In many ways hiring new Underwriters mirrors that of the underwriting process. The process of selecting the best candidate for your open role can also be viewed through the lens of risk mitigation: selecting the wrong candidate opens your business culture, client relationships/brand messaging, and long-term profitability up to unnecessary risk.
Whether you’re reviewing a resume or interviewing a candidate, you have a very small window of time (and a limited amount of information) to evaluate the risk/value hiring any particular person would bring to your institution. And relying on hard skills alone to make this determination is a pitfall for many data-driven roles like insurance underwriters. Not only can screening for soft skills help you find top performers, but they can also tell you if your interviewee will be a top performer for your business in the long term.
Here are 9 soft skills you should screen for in your next interview:
No top performer does the bare minimum. High performing adjusters will add on to the processes learned in training to ensure the a higher quality of work is delivered.
A large aspect of what elevates insurance underwriters to top performers is their attention to detail, their ability to find patterns, and extrapolate certain levels of risk from those findings. Of course, software and training can help this along, but professionals who naturally see the world in this way are more easily able to see patterns of risk where automation and technology might fall short.
The best way to protect your company from taking on unnecessary risks is to eliminate them before they can happen. Hiring an insurance underwriter who regularly searches for process improvements and takes steps to strengthen that point in your workflow before there is a breakdown is the type of professional who will make your underwriting team more effective as a whole and lower your business's exposure to risk in the long run.
3. Sound Judgement
Successful underwriters need to be process-oriented, but there is a point where being too process-oriented becomes detrimental to overall productivity. No two applications are the same, so when your underwriter inevitably encounters a scenario that they have not explicitly seen before, they need to be able to use their past experiences and judgment to move the application through the underwriting process.
A core function of an insurance underwriter is negotiating policy terms. Successful negotiations are founded on evidence supported by facts. Professionals who naturally excel at discussion and are passionate about the sport of debate have a leg-up on candidates who do not naturally have these tendencies. When interviewing your next insurance underwriter, screen for someone who enjoys the intellectual back and forth of exchanging ideas.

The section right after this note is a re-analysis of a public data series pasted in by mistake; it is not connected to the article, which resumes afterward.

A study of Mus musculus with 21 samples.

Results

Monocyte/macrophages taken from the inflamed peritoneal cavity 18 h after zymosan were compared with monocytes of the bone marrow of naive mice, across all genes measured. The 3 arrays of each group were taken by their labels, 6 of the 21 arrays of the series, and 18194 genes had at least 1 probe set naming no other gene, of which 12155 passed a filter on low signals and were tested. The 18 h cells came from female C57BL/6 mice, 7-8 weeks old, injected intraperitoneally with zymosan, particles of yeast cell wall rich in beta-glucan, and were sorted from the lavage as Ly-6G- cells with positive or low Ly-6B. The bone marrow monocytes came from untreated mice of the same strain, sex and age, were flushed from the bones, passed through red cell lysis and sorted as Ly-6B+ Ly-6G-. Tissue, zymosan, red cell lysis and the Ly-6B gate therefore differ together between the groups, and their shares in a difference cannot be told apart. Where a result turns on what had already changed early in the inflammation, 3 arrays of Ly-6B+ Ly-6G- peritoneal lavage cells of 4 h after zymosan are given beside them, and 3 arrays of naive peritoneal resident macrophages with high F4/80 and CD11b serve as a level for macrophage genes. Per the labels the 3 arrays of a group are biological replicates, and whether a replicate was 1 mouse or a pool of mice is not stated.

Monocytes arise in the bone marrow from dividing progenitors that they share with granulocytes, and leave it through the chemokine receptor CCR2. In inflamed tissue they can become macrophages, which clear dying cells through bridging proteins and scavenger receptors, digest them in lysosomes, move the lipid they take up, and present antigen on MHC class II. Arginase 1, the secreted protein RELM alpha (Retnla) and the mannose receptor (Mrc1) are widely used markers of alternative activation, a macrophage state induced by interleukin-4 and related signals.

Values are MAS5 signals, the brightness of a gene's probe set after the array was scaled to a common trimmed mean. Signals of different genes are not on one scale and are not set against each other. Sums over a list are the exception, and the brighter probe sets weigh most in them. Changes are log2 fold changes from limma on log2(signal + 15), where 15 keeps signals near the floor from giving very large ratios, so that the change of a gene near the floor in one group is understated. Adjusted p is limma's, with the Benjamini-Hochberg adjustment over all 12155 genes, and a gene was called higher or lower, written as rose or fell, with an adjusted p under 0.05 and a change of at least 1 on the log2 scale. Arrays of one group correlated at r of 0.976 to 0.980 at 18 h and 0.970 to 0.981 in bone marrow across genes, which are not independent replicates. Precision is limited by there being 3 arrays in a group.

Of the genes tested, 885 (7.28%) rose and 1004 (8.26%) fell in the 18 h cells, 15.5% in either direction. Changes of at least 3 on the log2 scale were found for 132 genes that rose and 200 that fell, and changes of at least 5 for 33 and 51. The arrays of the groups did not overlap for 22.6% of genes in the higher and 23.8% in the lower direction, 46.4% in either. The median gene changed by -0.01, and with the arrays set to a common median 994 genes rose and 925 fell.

5. Interpersonal Skills
Within your organization, insurance underwriters will regularly work with other team members. Your next underwriter must be able to collaborate and problem-solve as a group to move policy applications through the pipeline. When interviewing, inquire about your candidate's preference to work independently or in a group as well as any previous group projects or presentations they have worked on. This way you will be able to determine how their interpersonal skills will manifest, should you offer them the role.
ROI of your underwriting team comes from efficiencies and automation within the approval process. Finding an underwriter who has a natural aptitude to think about processes in the same way the programs you use will help you quickly identify places for improvement and automate aspects of your processes that can be managed by technology. In turn, this will free up your team’s time and resources to focus on the parts of an underwriter’s responsibilities that require a human touch.
7. Professional Integrity
There are plenty of roles where quantity is prioritized over quality. Underwriting should not be one of them. When your profitability depends on accurately assessing risk, every error your underwriting team makes opens your business up to more liability. In these roles, it is essential to hire insurance underwriters who care about the quality of what they produce. In your interview, inquire about your interviewee’s steps to self-audit. Similarly, you may consider asking questions to suss out if your candidate is looking for a career or if they are simply looking to collect a paycheck.
In addition to accuracy, the success of an insurance underwriter can be measured against their book of business. Top performers will not be content with doing the bare minimum and will actively seek out opportunities to grow their client base. In the interview room, it is encouraged to ask questions that help you gauge how invested your interviewee is in their professional success.
9. Team Player
Successful underwriters know that protecting your business from taking on unnecessary risk is not a responsibility they shoulder alone. If there is a leak in the dam, it doesn’t matter where on the wall it is, it needs to be fixed. An insurance underwriter who understands the importance of accuracy within your underwriting team as a whole, regularly collaborates, provides feedback for continuous improvement, and is always looking to mitigate your team’s exposure to risk is a top performer you can depend on to lift up your underwriting team as a whole.
In the interview room, assessing if a candidate will be successful based on the limited amount of information you have to go on can be difficult. Furthermore, when you do extend a job offer, it is unlikely that the impact of your hiring decision will be felt on Day 1. However, if you interview against an ideal candidate profile that is centered around soft skills, you can feel confident that your insurance underwriting team will be equipped to protect your business from unnecessary exposure to risk and bring long-term success to your business.